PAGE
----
Ohio Insurer Covering Spiration Valve System for Severe Emphysema
Medical Mutual of Ohio now covers Spiration Valve System (SVS), Olympus‘ minimally invasive therapy for eligible patients with severe emphysema, a progressive form of chronic obstructive pulmonary disease (COPD).
“This decision by Medical Mutual will provide expanded access to this critical therapy that significantly reduces lung hyperinflation associated with severe emphysema, and is durable over time,” Jason Stienecker, MD, pulmonary division chief at Lima Memorial Health System in Lima, Ohio, said in a press release.
The SVS is an umbrella-shaped device, whose tubes — called endobrachial valves — are positioned in specific airways to drive air into healthier regions of the lungs, diverting it away from diseased areas that risk becoming overinflated due to the stiffening of damaged lung tissue.
By enabling healthier portions of the lungs to work more effectively, this device is expected to improve patients’ quality of life by lessening their sense of breathlessness and helping them to accomplish more in their daily lives.
The U.S. Food and Drug Administration (FDA) approved the SVS in 2018 as a minimally invasive treatment for people with severe emphysema, based on positive results from the EMPROVE trial (NCT01812447).
Data from this study showed SVS led to significant improvements in lung function, as measured by forced expiratory volume in one second, over six months of use. This improvement appeared to be stable, lasting for at least one year.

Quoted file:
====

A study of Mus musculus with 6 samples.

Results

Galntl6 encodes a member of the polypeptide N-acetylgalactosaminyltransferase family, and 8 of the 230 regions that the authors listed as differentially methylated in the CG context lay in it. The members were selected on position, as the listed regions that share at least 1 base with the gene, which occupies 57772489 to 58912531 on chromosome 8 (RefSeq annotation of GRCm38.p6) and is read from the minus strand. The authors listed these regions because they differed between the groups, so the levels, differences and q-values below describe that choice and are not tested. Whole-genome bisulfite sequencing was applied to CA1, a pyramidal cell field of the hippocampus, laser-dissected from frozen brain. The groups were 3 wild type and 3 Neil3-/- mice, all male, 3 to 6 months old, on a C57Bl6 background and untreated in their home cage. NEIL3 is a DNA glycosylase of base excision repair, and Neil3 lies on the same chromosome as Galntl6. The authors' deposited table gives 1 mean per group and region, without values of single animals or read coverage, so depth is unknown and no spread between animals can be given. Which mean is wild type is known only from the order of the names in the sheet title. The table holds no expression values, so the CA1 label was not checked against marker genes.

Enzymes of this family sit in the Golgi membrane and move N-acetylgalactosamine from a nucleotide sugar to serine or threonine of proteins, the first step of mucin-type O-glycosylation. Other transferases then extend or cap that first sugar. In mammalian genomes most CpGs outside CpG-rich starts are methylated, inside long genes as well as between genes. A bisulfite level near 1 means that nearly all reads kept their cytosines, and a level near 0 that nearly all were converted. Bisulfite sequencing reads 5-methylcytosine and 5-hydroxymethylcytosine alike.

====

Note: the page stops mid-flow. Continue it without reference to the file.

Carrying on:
Trial investigators also observed significant improvements in lobe volume reduction — a measure of air trapped inside the lungs — and patients’ overall health. The SVS device also relieved hyperinflation and shortness of breath.
Several other U.S. insurers also cover the SVS under applicable policies. These include Highmark and Health Care Service Corporation, both licensees of the Blue Cross and Blue Shield Association, as well as Aetna and Humana, Olympus reported in its release.
A physician can determine a person’s eligibility for SVS treatment through a computed tomography (CT) scan of their chest and the SeleCT screening tool, a computational algorithm that analyzes CT images.
The SVS was designated a “standard of care option” by the Global Initiative for Chronic Obstructive Lung Disease earlier this year, having received an “A” grade from that organization. The FDA also had designated it a breakthrough device.
“Spiration Valve treatment can lead to truly meaningful improvements in patients who achieve sustainable clinical outcomes such as improvements in lung function and quality of life,” Stienecker said.